If you enjoy abstract puzzle games, then The Last Cube is a multiplatform release that should interest you. It’s out now for all major systems, and we took a look at the PlayStation version for you.
If you regularly follow us, then you might remember hearing about The Last Cube quite a while ago, as we did a developer interview with the team at Improx Games back in 2020. Back then the game was scheduled for a 2021 release on Steam, but since the interview the game has gone multi-platform and is now available for nearly all current platforms – we think that’s a pretty good reason for a delay.
At first sight, The Last Cube looks like a rather generic 3D cube-rolling puzzle games – the kind that’s perhaps a rare sight on consoles but fairly common on PC platforms like Steam, with Edge as a standout example. On consoles, we really enjoyed Cuboid on the PS3, though that one’s not strictly about cubes.
In The Last Cube, cubes are sentient beings, there’s a world full of lore out there as well. In an abstract puzzle game like this, that was certainly a surprise, but it’s not an element that makes or breaks the game. A lot of the lore can be found as unlockable content, so it’s safe to say that you can enjoy the game’s puzzles without diving into the lore as well – just sticking to your main mission of saving your habitat by completing ever-more complex puzzles.
While the objective of each level is to get to the exit, there’s a lot more to it than just rolling yourself over a grid and getting there. The big novelty in The Last Cube is the use of special abilities that you can attach to any of the six sides of your cube, which come in the shape of special stickers that you pick up by rolling over them. When the sticker faces up, you can use the ability, which includes skills like dashing forward and skipping cubes – which of course comes in handy in certain situations.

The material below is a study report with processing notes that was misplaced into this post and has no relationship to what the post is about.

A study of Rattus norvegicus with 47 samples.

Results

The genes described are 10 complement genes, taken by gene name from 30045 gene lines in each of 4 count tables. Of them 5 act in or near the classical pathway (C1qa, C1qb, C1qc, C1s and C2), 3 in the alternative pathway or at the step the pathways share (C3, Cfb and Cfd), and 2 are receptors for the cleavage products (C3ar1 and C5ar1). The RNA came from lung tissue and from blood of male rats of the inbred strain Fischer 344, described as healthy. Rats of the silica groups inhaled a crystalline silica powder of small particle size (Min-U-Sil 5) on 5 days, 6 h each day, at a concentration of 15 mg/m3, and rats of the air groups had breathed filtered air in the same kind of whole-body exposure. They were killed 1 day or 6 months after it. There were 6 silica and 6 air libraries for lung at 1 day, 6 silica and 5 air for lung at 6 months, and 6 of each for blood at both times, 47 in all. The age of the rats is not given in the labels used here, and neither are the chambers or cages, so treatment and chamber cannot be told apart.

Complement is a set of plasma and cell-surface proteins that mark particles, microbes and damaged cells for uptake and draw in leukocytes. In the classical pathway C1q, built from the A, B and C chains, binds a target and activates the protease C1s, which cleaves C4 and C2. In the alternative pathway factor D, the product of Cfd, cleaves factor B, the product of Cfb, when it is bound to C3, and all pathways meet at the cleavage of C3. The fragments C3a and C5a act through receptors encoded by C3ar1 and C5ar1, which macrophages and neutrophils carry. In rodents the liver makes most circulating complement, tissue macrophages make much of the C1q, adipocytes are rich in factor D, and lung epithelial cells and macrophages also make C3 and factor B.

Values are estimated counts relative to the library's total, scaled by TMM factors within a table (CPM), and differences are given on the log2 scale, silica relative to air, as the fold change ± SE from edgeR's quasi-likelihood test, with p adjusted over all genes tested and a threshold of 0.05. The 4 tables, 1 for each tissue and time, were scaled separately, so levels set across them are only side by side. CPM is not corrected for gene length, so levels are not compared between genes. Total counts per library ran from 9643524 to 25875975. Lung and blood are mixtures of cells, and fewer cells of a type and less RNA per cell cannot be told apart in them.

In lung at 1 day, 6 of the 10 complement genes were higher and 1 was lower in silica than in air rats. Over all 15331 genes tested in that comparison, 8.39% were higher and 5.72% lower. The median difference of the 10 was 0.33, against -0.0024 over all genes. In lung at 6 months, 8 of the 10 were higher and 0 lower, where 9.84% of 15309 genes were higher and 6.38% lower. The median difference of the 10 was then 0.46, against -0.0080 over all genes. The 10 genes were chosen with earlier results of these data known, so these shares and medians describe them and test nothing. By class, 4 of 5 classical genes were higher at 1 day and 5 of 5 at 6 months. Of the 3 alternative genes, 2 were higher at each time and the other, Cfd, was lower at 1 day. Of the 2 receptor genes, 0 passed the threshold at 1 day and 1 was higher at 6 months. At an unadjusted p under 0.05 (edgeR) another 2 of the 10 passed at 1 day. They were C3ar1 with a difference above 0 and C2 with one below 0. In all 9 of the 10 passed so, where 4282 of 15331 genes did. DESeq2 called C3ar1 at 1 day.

Picking up these abilities, and positioning yourself so you can use them at the right moment, is the core of The Last Cube and what sets it apart from other, similar puzzlers that require you to tackle switches, lasers and doorways. Other obstacles will dissolve your stickers, so there are quite a few things to wrap your head around, and it’s a huge credit to the developers that levels were designed in such a way that you never appear to fully get stuck and require a restart.
With over 100 levels to complete, The Last Cube has a rather lengthy story campaign, though some levels are much shorter than others and mainly act as tutorials to help you get familiar with specific abilities. The game world is split up into six different areas with their own audiovisual and gameplay style, and additional levels can be unlocked if you manage to find enough little cubes.
It may look like just a another typical abstract puzzler, but very strong gameplay design, a narrative element and a decent amount of replay value make The Last Cube stand out from the crowd. Recommended for puzzle fans.